Setting SaaS [software as a service] pricing is an important but daunting task for most early stage start-ups, especially when they don't have a track record. The first task in selling SaaS, writes Bob Warfield in a recent post on Enterprise Irregulars, is getting anyone to pay anything for your software—and then be willing to talk about it so that you have a reference. In fact, it's not uncommon for a start-up to give software away in the early days. But before you do so, develop a plan to get your SaaS pricing on a rational path to "full retail."

"Initially your prices are not based on competition so much as they are based on your credibility," writes Warfield. That's what the early stages are about: building credibility via satisfied customers. To acquire three or four good references, you may have to offer deep discounts on software, or give it away.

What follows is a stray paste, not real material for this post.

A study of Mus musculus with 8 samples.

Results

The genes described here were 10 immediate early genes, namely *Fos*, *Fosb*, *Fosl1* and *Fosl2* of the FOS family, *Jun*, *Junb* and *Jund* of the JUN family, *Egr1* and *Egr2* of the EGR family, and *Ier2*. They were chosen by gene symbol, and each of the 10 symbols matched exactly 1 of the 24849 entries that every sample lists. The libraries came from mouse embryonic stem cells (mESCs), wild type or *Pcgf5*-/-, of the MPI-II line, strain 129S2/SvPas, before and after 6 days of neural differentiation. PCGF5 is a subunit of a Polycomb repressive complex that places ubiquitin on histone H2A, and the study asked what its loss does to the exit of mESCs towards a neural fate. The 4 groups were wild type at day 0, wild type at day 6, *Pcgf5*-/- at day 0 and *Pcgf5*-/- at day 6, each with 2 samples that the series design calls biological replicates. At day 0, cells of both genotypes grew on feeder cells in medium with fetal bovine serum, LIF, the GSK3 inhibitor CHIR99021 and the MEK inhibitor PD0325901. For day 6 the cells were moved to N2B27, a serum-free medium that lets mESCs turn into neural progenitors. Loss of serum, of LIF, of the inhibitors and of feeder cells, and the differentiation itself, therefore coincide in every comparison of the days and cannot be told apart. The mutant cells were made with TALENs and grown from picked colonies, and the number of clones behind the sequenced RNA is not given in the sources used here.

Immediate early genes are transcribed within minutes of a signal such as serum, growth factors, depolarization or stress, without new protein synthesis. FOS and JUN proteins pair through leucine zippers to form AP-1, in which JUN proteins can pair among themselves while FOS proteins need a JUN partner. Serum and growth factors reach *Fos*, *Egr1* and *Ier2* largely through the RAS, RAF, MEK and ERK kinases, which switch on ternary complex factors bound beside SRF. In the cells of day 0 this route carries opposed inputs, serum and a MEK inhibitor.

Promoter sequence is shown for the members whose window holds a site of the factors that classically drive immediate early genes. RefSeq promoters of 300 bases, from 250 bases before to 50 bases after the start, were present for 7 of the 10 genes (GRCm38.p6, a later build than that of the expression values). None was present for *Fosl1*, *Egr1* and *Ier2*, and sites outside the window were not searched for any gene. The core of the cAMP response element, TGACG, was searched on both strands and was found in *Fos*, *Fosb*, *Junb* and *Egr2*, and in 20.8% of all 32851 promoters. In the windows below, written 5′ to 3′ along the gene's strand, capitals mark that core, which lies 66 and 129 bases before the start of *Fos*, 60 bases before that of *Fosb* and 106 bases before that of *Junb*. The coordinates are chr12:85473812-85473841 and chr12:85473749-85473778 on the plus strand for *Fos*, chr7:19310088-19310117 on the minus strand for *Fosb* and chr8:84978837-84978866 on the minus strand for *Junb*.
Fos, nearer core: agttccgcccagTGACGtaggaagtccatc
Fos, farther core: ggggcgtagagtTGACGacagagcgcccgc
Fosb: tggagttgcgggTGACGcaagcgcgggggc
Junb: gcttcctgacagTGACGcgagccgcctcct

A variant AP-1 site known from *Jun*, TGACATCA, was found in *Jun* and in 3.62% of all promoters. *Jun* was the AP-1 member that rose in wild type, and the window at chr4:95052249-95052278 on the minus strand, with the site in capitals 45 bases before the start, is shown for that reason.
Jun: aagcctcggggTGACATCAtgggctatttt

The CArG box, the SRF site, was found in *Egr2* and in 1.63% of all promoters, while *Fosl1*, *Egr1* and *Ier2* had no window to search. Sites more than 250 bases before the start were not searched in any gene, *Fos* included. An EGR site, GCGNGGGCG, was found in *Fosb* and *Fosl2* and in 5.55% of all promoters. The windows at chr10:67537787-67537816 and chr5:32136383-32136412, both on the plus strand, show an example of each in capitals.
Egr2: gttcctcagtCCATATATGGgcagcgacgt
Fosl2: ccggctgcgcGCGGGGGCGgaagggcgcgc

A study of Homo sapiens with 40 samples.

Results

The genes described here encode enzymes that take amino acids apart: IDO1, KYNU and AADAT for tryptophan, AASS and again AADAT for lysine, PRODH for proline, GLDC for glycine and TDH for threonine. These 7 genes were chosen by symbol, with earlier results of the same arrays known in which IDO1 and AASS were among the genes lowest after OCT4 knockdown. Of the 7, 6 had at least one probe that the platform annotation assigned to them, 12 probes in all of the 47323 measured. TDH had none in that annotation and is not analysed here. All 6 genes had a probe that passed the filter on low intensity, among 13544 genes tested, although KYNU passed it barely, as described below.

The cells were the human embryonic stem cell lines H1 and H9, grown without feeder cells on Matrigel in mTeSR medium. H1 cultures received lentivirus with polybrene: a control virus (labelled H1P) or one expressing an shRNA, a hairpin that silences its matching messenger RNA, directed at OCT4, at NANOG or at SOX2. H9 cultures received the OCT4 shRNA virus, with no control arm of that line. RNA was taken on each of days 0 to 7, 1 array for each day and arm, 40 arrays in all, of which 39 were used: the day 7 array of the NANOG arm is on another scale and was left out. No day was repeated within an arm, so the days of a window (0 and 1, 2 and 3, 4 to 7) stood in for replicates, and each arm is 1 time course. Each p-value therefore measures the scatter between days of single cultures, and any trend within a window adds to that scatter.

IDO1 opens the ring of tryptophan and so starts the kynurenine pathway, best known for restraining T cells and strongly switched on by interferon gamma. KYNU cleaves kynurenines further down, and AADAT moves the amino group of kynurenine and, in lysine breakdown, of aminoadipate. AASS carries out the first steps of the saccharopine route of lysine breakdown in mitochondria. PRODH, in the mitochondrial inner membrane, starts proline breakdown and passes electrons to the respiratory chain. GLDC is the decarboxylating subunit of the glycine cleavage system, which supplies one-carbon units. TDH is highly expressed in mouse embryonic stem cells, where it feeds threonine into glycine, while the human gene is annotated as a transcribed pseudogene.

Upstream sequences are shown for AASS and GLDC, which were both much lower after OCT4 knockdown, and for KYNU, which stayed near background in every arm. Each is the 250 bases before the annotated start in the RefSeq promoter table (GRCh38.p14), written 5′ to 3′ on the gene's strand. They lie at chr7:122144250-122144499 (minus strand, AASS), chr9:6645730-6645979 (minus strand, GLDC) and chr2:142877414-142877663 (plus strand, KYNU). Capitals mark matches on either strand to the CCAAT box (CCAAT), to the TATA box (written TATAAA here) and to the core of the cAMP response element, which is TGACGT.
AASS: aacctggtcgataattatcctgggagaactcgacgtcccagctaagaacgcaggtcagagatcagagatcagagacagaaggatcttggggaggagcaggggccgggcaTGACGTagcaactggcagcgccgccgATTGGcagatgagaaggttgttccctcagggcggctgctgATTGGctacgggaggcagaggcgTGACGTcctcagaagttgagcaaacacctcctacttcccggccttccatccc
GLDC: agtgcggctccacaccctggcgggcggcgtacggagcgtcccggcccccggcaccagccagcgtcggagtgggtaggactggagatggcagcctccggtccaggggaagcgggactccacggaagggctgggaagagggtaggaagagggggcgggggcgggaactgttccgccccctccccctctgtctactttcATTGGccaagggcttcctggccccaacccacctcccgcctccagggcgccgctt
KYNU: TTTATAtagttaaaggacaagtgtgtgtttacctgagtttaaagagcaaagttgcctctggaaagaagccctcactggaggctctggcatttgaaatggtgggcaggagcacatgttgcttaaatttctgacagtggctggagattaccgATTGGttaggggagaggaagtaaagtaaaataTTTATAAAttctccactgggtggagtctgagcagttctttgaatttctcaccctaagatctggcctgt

But think carefully about how you define "good" references. For example, will your next tier of customers be impressed with those references? Do they come from markets you want to target? The more compelling those initial references are, the easier it will be for you to grow.

Once you establish some credibility in the market, adjust your price schedule up and stick to it. Work to break your sales staff of the "let's make a deal" mentality before it becomes part of your culture. Also, push the approval of future discounted deals high up in the organization and establish clear guidelines for future discounts.

The Po!nt: Discounts are a necessary part of early stage SaaS pricing. Just make sure your pricing—and discount rates—are codified, and lead you to a logical, measurable path of revenue generation.